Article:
The research, among 2,000 IT decision makers and 2,000 heads of lines of business globally, including 100 in South Africa, finds that this decentralisation of IT is delivering real business benefits: the ability to launch new products and services to market with greater speed (61%), giving the business more freedom to drive innovation (59%) and increasing responsiveness to market conditions (59%). There are also positives from a skills perspective, with the shift in technology ownership beyond IT to the broader business seen to increase employee satisfaction (63%) and help attract better talent (52%).
This move, however, is not without its challenges. Leaders from across the business believe the shift is causing a duplication of spend on IT services (51%), a lack of clear ownership and responsibility for IT (58%) and the purchasing of unsecure solutions (68%). Furthermore, this decentralisation movement is happening against the wishes of IT teams, the majority of which (58%) want IT to become more centralised. In particular, IT leaders feel that core functions like network security and compliance (50%), private cloud-based services (28%) and storage (24%) should remain in their control.
“It’s ‘transform or die’ for many businesses, with a tumultuous economic environment and a radically evolved competitive landscape upturning the way they operate,” says Matthew Kibby, Regional Director at VMware Sub-Saharan Africa. “Managing this change is the great organisational challenge companies face. The rise of the cloud has democratised IT, with its ease of access and attractive costing models, so it’s no surprise that lines of business have jumped on this opportunity. Too often, however, we’re seeing this trend left unchecked and without adequate IT governance, meaning that organisations across EMEA are driving up costs, compromising security and muddying the waters as to who does what, as they look to evolve.”
The ownership for driving innovation within South African organisations is not disputed among business leaders. The majority (80%) believe that IT should enable the lines of business to drive innovation, but must set the strategic direction and be accountable for security. This highlights the balance to be struck between the central IT function retaining control while also allowing innovation to foster in other, separate areas of the business.
The move to Cross-Cloud as a Solution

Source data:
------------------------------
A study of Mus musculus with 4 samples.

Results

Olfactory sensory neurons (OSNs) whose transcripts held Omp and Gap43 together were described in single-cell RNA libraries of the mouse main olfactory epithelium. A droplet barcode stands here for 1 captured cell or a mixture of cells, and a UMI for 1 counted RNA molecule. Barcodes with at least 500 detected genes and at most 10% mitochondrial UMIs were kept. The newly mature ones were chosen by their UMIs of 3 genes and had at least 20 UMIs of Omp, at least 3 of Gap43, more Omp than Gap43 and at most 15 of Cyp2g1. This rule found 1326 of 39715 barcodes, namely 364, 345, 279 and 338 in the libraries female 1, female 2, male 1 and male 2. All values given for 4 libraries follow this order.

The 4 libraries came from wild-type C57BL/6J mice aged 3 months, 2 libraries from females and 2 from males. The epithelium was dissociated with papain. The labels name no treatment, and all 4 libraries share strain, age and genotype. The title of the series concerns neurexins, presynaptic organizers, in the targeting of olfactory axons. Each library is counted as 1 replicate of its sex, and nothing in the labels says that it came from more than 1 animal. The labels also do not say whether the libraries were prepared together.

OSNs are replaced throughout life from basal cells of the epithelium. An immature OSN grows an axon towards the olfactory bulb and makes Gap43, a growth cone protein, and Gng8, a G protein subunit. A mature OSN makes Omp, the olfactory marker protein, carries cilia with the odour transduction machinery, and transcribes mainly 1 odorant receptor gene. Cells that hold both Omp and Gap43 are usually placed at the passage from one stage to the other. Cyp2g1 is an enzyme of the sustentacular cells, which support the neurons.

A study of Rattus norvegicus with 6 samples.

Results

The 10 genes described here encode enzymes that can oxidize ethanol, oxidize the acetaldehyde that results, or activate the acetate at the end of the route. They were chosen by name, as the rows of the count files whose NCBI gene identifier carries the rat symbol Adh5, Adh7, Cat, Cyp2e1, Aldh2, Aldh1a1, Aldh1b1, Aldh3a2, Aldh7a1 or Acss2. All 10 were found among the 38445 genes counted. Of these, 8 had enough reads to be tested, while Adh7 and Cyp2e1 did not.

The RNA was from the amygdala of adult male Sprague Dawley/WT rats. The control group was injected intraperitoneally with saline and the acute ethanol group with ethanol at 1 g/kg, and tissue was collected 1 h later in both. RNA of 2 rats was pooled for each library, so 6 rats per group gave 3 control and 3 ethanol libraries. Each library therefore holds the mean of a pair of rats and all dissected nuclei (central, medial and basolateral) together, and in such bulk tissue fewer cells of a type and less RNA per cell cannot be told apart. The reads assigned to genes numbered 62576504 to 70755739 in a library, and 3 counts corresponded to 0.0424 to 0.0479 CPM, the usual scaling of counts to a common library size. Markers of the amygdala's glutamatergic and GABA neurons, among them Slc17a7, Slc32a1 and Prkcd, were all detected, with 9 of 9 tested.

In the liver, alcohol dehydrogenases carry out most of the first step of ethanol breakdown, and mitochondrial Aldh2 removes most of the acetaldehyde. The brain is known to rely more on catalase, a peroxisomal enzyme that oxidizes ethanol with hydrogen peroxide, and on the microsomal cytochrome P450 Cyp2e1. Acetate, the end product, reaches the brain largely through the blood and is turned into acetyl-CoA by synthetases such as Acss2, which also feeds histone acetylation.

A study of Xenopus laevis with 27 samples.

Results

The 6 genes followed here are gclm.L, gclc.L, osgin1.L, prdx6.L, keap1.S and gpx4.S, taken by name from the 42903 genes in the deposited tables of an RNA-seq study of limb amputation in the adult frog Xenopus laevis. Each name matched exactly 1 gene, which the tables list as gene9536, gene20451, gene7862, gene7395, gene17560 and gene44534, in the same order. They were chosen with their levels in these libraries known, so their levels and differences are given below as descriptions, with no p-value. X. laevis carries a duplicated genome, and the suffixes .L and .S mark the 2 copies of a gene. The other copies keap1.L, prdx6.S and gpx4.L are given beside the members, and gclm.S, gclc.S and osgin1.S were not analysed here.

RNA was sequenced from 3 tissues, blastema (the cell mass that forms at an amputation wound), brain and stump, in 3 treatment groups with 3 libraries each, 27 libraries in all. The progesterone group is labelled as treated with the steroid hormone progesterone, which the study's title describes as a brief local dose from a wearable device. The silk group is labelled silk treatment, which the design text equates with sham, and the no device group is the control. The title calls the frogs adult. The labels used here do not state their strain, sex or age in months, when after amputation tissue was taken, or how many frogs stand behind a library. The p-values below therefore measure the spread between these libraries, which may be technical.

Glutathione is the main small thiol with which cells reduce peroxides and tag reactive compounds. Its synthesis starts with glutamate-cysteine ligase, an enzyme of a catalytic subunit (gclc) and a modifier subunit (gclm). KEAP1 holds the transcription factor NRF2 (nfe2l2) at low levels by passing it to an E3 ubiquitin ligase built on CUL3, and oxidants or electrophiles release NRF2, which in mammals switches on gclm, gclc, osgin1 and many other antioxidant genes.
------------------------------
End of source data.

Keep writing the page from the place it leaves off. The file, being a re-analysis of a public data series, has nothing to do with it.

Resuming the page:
“Discovery innovates at a rapid pace and we require agility to respond to ever changing business demands. Innovation and expansion are part of the Discovery DNA and, as a result, having visibility across our data centre operations is important for the organisation,” says Johan Marais, Virtualisation Manager at Discovery. “Cross-Cloud will enable this, as well as give our business the freedom of choice in data centre location, while ensuring operations deliver a top-class service irrespective of whether the service is delivered on a private, hybrid or public cloud.”
“This isn’t ‘Shadow IT’ anymore, that’s yesterday’s story – this is now ‘Mainstream IT’,” continues Kibby. “The decentralisation movement is happening, driven by the need for speed in today’s business world: we’ve never seen such a desire for new, immediately available applications, services and ways of working. By recognising these changes are happening, and adapting to them, IT can still be an integral part of leading this charge of change. The latest technology or application will only truly drive digital transformation when it’s able to cross any cloud, is available at speed and with ease, within a secure environment.”
“By introducing its Cross-Cloud Architecture, VMware has taken cloud services to the next level, providing improved flexibility for customers to access services from different cloud providers and still be assured that they are in control and that their cloud environment is secure, no matter where it resides,” states Rohan de Deer, General Manager at iSanity.
*The decentralisation of IT is when any employee within any business department of an organisation, other than the IT department, is making IT purchases or installing or maintaining software. It can also include employees using non-IT approved software, such as Dropbox, without the involvement of the centralised IT department.